Designing a Retail Garden Center

Retail Garden Center Design Gothic Arch GreenhousesGarden centers are uniquely designed for retail sales, though they may have areas for living plants, hard good products, storage, and shipping and receiving.

But a garden center’s approach and design must be methodical to be successful—from the big picture even down to the small details.

So whether you’re starting a retail garden center or you plan to update an existing one, keeping these design guidelines in mind will help you create an environment in which your business can thrive:

  • Include a greenhouse as part of your garden center design. Not only will this help keep plants healthier in an environment over which you have control, but also this will help customers associate you as being a grower or as an expert they can trust.
  • Keep retail areas separate from all other areas for various functions of the garden center. Your retail space serves a different purpose from production or shipping, for example, so this will help you invest more in the customer experience.
  • High-roof structures are ideal for garden centers, as they create a better environment for customers and plants. By adjusting trusses, you can still make use of space, while allowing customers the ability to reach hanging baskets.
  • Typically located on high-traffic streets, garden centers must have some curb appeal. Using glass—at least on the front of your building—is recommended so potential customers can get a peek at what you’re selling, even as they are driving by.
  • You have the first 20 feet from the entrance to make your impression on shoppers. Change displays regularly and seasonally to engage interest in various products. Some recommend making these changes every two to three weeks. Bench systems should be flexible so they can be used for such displays as they can be moved around to create different looks.
  • Choose an appropriate greenhouse structure. For example, hoop houses can be used year ‘round or even temporarily. Sometimes, they function as both a production and retail area. Gutter-connected greenhouses are typically used by larger operations, and polycarbonate structures have the advantages of permanence and less maintenance.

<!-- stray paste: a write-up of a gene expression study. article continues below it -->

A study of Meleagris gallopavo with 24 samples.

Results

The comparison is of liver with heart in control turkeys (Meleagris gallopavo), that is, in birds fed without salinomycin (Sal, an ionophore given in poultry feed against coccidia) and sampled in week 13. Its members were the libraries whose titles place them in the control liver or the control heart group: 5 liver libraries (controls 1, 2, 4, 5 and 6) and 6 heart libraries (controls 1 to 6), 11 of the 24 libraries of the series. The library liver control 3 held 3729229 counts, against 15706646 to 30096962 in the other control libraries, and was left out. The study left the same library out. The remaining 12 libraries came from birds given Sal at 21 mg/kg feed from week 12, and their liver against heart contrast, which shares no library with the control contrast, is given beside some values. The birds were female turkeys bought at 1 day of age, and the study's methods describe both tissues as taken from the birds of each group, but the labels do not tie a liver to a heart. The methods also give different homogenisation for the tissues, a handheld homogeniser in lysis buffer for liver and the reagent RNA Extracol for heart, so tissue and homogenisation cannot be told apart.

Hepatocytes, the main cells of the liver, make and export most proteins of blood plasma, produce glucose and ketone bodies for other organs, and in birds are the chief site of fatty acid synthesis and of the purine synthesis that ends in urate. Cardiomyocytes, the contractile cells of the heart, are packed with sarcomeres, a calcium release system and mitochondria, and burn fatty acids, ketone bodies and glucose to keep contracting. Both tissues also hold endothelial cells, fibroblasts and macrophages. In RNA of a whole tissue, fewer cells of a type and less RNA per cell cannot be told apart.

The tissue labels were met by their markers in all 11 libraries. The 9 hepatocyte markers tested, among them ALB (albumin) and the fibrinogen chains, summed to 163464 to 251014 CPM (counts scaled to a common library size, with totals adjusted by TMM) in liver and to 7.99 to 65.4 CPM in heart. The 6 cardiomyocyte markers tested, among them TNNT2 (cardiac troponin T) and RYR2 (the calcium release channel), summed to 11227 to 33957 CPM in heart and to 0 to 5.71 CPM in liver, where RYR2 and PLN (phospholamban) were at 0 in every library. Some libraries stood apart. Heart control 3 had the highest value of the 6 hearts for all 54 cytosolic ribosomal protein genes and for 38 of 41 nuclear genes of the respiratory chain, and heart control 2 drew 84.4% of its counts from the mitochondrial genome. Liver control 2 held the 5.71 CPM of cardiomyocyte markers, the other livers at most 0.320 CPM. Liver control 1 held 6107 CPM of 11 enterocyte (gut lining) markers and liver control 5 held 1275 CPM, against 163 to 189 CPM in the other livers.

• Lay out your space with the customer in mind. Aisles should be wide to allow for foot traffic to flow easily, as well as space for wagons and carts if provided. Multiple doors may also be an options, as they can also assist in this flow.
  • Design specifics can also help direct customers through your space. Signage provides direction, but you want to route shoppers through as many categories of items—plants, pots, potting soil, garden decor, etc.—as possible as this can help boost sales. Stock heavier items at waist-level as customers are more apt to select from middle or higher locations than picking up from the floor.
  • Retail garden center floors are ideally paved, providing convenience for customers and level surfaces for benches that support your displays. Concrete or asphalt is recommended, but asphalt should be painted a light color to reflect heat. Appropriate placement of drains helps keep floors dry to help minimize hazards that come with slippery, wet floors.
  • Promote products in bundles, such as containers with potting soil, shrubs, flowers, fertilizer, garden tools, etc. These can provide ideas for your displays or specials that you want to advertise.
  • Last, but not least, be unique! Approach your garden center design as creating a memorable experience that your customers will not only enjoy, but also share with others to generate invaluable word-of-mouth recommendations.

Our experienced team is ready to help you create your garden center design! We start by evaluating the technical aspects of your project in terms of equipment, interior layout and your specific needs. The possibilities within our range of structures and products are endless, whether your approach is classic or modern. Call us today at 800-531-4769 to begin!